Sunday, January 18, 2015

Reviewing your approach to risk

It is said that a week is a long time in politics. For those who traded the EUR/CHF last week, 10 seconds was a lifetime.

No doubt further stories will surface over the upcoming days and weeks. But, as we have already seen, some foreign exchange trading platforms or brokerages have already announced their insolvency due to significant losses. In addition, there are hundreds, if not thousands, of individual traders who's trading accounts have been blown up.

It is the speed and magnitude of the price move that has caused all the issues. I’ve seen tweets about experience traders, using very small amounts of their equity per trade, losing all their trading account and ending up owing substantial amount to their brokers due to the massive slippage encountered in processing orders.

From scanning across social media this weekend, it seems that literally a few cents difference in your order and stop levels, will have either saved you or caused you massive losses. People whose stops were just above the 1.20 level were filled pretty much with no slippage. Just below that level, however, was a completely different story.

It is not just people who were betting on the continued support at the 1.20 level who suffered. I've even read stories of people who had bet on that level being broken, but due to obtaining poor fills on their orders, and then a subsequent sharp pullback, margin calls were being issued.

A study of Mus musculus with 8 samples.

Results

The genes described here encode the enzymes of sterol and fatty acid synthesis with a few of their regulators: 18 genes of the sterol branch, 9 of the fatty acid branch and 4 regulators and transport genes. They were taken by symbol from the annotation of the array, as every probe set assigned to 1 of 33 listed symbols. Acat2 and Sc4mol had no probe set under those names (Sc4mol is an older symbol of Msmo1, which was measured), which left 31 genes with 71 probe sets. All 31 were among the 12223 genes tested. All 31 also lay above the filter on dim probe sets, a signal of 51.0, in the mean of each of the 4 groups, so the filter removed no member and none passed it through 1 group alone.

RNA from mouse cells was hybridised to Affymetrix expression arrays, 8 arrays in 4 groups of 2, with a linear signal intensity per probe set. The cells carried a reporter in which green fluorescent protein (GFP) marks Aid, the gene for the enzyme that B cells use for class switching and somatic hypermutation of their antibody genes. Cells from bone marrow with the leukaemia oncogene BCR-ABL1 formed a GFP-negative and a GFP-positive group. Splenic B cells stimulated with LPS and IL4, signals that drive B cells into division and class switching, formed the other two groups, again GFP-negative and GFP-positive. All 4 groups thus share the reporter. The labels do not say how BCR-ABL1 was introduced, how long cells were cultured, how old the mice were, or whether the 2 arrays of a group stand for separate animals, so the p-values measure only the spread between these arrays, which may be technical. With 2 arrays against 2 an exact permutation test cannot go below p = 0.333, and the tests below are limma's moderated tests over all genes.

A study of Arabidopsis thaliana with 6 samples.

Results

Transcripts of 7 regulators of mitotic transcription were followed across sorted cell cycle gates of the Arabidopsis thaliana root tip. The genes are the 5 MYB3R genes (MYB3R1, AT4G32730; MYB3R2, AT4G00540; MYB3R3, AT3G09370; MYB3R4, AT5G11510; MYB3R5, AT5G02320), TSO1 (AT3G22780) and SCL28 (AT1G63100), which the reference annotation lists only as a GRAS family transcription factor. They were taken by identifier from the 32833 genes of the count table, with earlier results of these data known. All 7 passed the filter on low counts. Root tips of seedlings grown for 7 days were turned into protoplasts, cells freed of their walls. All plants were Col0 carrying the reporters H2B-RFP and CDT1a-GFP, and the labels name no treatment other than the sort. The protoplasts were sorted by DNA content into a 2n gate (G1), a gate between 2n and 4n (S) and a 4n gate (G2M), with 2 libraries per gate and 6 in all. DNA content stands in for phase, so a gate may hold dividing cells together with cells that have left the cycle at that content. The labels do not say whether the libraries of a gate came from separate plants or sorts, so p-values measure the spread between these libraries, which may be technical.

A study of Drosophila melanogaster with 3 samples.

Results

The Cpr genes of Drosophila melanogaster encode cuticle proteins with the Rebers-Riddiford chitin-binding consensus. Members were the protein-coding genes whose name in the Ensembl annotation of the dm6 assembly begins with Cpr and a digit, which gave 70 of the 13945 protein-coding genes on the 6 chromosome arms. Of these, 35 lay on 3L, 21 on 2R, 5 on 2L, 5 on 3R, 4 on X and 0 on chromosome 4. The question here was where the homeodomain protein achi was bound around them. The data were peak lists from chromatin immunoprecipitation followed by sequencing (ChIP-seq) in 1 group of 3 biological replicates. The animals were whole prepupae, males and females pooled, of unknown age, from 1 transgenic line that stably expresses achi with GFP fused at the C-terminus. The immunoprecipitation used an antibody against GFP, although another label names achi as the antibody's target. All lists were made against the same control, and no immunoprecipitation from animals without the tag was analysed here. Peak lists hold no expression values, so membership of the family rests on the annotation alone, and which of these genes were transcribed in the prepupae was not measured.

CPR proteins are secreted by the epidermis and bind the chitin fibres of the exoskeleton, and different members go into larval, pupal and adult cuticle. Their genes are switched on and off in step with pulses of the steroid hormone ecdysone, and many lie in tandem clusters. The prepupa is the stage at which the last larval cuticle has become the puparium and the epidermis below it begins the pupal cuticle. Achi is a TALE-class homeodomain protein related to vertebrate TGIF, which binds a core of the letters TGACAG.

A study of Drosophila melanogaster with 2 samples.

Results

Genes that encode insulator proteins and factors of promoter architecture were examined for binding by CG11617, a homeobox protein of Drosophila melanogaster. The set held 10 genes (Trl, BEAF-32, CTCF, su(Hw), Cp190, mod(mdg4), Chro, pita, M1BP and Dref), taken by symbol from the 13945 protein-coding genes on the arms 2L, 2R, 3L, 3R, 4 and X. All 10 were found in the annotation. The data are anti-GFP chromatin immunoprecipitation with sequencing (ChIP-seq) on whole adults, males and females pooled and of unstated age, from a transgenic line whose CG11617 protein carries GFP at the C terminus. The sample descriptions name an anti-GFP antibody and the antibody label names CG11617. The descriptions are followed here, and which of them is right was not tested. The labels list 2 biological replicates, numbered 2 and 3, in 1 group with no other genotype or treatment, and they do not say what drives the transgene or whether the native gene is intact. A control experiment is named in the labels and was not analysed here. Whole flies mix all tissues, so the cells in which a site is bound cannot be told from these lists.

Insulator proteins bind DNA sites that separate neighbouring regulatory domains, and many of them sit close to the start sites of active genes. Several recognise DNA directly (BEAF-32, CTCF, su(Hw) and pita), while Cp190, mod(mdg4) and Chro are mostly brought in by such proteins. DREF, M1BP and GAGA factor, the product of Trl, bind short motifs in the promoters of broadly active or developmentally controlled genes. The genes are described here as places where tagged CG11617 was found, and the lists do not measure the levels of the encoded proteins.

As a result of all this, there will be lots of traders reviewing their approach to trading and the level of risk they are prepared to take. I know I am, and its rare that I trade forex. Some questions they would be considering:
  • Was this a once in a lifetime event, or could another event like this happen again, and if so, how soon?
  • Do I want to trade markets/instruments where such an artificial price limit has been imposed or introduced?
  • Do I want to trade instruments where such levels of leverage are available?
Rolf at Tradeciety summarised some other considerations for individual traders in this post.

Thinking out loud here, one also wonders whether all the HFT algorithms and the like used by major institutions exacerbated what happened, and whether there may be limitations on such trading programs imposed in the future.

Any trader’s principal thought should always be preservation of capital. Risk control is not the most exciting topic to the majority – focusing on entries and exits appears to be more interesting. Yet, it is your overall approach to risk control that will determine whether you can achieve long-term success. It's pretty much a given that a lot of traders, particularly in forex markets, will have become a lot more risk averse over the last few days.